What Climate Change Has to Do with Diabetes

Samantha Zeitz

Experts say global warming isn’t only leading to an increase in temperatures, but also type-2 diabetes.

Leiden University Medical Centre and Delft University of Technology conducted a study and discovered a correlation between high temperatures and the disease that prevents bodies from absorbing glucose – diabetes. The study looked at temperatures in the United States from 1996 to 2009 and found the hotter the year, the bigger the increase in diabetes diagnoses. Data from 14 years of surveys by the Centers for Disease Control and Prevention were used. Illinois, Guam and the US. Virgin Islands were excluded from the study, as their data was incomplete or unavailable.

The study began after Dutch researchers found a connection between temperature, insulin production and brown adipose tissue (fat cells that burn energy and produce heat). When research was conducted they realized that those with type-2 diabetes produced more insulin in temperatures around 10 degrees Celsius. Four hundred and fourteen million adults were suffering from diabetes in 2015, and with current trends, the study shows these number will rise by almost 55%, up to 642 million cases by 2040.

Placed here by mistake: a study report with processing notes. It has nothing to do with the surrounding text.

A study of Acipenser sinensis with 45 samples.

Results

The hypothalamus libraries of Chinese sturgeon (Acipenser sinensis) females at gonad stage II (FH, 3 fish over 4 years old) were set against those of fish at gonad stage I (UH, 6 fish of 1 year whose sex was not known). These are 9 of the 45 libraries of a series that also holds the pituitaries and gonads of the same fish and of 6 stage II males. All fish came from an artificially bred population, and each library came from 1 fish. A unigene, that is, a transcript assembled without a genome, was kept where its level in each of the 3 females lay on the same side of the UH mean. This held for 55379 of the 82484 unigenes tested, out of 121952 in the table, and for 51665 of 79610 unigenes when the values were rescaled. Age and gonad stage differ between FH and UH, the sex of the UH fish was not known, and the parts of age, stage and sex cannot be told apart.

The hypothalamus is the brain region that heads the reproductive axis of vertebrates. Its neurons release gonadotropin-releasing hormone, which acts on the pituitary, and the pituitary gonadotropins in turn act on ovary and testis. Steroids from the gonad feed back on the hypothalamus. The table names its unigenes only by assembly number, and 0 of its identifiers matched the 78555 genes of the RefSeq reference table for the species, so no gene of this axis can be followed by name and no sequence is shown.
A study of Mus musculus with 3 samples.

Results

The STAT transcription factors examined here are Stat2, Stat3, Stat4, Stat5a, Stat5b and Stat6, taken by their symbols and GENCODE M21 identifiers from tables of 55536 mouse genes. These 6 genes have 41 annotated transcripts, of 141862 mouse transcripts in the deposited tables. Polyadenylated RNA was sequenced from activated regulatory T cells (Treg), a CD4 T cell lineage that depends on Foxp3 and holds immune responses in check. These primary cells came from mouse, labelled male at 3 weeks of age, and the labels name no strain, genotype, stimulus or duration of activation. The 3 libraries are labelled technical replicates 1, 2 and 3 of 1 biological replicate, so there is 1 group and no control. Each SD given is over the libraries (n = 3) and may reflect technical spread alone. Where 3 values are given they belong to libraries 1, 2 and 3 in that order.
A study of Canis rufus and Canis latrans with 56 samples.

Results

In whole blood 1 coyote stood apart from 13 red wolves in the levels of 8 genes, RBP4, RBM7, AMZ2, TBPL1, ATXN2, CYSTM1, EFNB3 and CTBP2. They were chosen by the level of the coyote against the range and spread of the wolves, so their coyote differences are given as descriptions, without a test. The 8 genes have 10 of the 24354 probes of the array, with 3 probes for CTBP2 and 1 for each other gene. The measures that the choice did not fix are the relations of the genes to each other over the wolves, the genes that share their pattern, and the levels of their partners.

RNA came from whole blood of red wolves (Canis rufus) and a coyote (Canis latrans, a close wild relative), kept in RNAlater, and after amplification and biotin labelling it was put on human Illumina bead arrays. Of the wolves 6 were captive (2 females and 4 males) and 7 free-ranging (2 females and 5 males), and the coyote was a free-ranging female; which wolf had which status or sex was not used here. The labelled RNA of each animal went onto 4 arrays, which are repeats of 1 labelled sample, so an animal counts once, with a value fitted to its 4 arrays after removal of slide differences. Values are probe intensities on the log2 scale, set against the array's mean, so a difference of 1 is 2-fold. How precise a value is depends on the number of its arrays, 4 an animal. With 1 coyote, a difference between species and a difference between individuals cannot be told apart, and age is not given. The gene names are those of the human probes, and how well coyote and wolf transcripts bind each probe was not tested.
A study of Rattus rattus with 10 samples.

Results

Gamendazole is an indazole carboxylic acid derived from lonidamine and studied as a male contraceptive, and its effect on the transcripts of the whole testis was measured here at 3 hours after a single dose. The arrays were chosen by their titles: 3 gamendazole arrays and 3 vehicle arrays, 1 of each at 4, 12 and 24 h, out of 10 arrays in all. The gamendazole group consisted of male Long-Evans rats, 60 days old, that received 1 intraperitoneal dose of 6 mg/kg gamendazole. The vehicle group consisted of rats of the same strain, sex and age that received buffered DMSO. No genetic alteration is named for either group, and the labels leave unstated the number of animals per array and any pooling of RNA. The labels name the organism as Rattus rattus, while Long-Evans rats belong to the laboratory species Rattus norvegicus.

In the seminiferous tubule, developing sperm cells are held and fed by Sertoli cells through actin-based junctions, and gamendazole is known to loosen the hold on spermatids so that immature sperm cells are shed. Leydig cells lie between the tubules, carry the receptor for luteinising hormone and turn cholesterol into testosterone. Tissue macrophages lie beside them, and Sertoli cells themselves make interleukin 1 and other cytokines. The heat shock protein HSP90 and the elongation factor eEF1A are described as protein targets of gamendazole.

When patients with type-2 diabetes were placed in colder temperatures for only 10 days, their insulin production increased. They found that this happens because the cold triggers brown adipose tissue (BAT) to break down fat to generate heat. They discovered that for every degree Celsius environmental temperatures rise; there could be 100,000 new diabetes cases within the 322 million people in the US alone. Lisanne Blauw, the study’s co-author says the next step is to conduct studies in smaller populations like the Netherlands or the United Kingdom.

Last year was recorded as the hottest year to date, according to NASA and the National Oceanic and Atmospheric Administration. Carbon dioxide emissions also hit a new level. If current trends continue, global warming is on track to heat up to almost 4 degrees Fahrenheit higher than pre-industrial levels.